A composting toilet is a type of toilet that treats human excreta by a biological process called composting. This process leads to the decomposition of organic matter and turns human excreta into compost. It is carried out by microorganisms (mainly bacteria and fungi) under controlled aerobic conditions. Most composting toilets use no water for flushing and are therefore “dry toilets”.
In many composting toilet designs, carbon additives such as sawdust, coconut coir, or peat moss is added after each use. This practice creates air pockets in the human excreta to promote aerobic decomposition. This also improves the carbon-to-nitrogen ratio and reduces potential odor. Most composting toilet systems rely on mesophilic composting. Longer retention time in the composting chamber also facilitates pathogen die-off. The end product can also be moved to a secondary system – usually another composting step – to allow more time for mesophilic composting to further reduce pathogens.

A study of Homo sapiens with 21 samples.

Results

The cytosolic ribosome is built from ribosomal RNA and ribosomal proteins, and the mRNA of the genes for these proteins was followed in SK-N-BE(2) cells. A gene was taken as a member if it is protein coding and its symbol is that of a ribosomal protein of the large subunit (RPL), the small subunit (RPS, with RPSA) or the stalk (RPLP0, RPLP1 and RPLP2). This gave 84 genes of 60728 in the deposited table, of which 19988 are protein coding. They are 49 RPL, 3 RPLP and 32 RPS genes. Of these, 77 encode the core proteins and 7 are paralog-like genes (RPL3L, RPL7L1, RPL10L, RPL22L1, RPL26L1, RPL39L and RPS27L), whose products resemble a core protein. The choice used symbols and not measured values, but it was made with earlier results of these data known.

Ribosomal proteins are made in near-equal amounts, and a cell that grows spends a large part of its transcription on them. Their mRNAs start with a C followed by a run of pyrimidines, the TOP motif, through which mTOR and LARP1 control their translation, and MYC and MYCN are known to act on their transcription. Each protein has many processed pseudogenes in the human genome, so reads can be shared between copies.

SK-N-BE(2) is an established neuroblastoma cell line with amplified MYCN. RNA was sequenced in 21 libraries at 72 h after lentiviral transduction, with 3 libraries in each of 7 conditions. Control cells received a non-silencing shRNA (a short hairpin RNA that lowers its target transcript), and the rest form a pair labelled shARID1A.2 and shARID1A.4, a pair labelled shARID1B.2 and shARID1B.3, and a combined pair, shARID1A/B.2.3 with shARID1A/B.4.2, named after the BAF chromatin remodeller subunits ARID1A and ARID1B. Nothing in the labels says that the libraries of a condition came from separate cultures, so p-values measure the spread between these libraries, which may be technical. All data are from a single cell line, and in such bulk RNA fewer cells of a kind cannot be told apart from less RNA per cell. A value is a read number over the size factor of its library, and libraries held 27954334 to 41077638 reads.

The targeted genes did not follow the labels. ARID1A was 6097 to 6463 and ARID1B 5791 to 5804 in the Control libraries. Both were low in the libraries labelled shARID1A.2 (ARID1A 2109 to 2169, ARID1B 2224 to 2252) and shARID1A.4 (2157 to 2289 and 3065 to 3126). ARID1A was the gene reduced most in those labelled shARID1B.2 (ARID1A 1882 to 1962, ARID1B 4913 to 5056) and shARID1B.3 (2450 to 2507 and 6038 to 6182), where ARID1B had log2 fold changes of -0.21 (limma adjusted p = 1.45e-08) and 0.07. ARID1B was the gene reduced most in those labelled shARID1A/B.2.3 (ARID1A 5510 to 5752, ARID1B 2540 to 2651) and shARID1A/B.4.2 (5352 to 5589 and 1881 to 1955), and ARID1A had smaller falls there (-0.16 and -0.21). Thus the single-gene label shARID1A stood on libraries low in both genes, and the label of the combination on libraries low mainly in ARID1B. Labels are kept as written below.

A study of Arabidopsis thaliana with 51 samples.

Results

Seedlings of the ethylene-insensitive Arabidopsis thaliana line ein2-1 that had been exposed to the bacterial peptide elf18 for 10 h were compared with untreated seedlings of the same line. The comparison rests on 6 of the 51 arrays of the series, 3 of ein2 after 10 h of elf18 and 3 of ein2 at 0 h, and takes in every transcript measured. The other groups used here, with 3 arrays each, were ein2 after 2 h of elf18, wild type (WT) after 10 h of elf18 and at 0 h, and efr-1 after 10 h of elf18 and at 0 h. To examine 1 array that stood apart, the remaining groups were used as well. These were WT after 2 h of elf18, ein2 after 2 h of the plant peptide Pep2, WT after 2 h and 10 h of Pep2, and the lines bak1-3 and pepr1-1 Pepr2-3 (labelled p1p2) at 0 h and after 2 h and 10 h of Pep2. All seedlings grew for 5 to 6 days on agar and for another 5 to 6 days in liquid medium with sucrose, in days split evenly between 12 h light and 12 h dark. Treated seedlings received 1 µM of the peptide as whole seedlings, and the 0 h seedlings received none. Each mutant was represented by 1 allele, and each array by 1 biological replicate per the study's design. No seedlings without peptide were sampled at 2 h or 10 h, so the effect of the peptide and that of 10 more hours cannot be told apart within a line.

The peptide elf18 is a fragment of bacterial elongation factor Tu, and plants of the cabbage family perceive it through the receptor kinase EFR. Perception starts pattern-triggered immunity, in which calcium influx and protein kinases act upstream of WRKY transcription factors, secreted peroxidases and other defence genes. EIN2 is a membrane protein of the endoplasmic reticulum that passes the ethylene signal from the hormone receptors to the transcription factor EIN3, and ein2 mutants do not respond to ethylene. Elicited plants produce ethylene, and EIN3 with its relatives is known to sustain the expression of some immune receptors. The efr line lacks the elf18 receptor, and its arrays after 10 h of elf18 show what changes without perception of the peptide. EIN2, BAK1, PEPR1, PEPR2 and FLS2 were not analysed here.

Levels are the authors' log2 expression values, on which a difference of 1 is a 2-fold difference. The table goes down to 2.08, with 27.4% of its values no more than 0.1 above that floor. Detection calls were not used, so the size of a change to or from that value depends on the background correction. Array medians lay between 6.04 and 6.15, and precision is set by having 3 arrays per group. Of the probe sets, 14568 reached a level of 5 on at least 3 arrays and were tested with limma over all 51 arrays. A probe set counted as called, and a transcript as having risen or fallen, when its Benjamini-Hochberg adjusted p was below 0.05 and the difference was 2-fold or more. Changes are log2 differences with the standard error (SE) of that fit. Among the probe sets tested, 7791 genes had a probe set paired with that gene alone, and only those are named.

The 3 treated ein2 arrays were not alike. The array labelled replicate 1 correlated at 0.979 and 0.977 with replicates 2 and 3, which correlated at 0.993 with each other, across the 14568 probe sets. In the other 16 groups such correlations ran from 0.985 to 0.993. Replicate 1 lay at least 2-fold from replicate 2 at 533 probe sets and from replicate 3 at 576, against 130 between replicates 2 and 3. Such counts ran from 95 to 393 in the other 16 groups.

Composting toilets, together with the secondary composting step, produce a humus-like endproduct that can be used to enrich soil if local regulations allow this. Some composting toilets have urine diversion systems in the toilet bowl to collect the urine separately and control excess moisture. A “vermifilter toilet” is a composting toilet with flushing water where earthworms are used to promote decomposition to compost.
Composting toilets do not require a connection to septic tanks or sewer systems unlike flush toilets. Common applications include national parks, remote holiday cottages, ecotourism resorts, off-grid homes and rural areas in developing countries.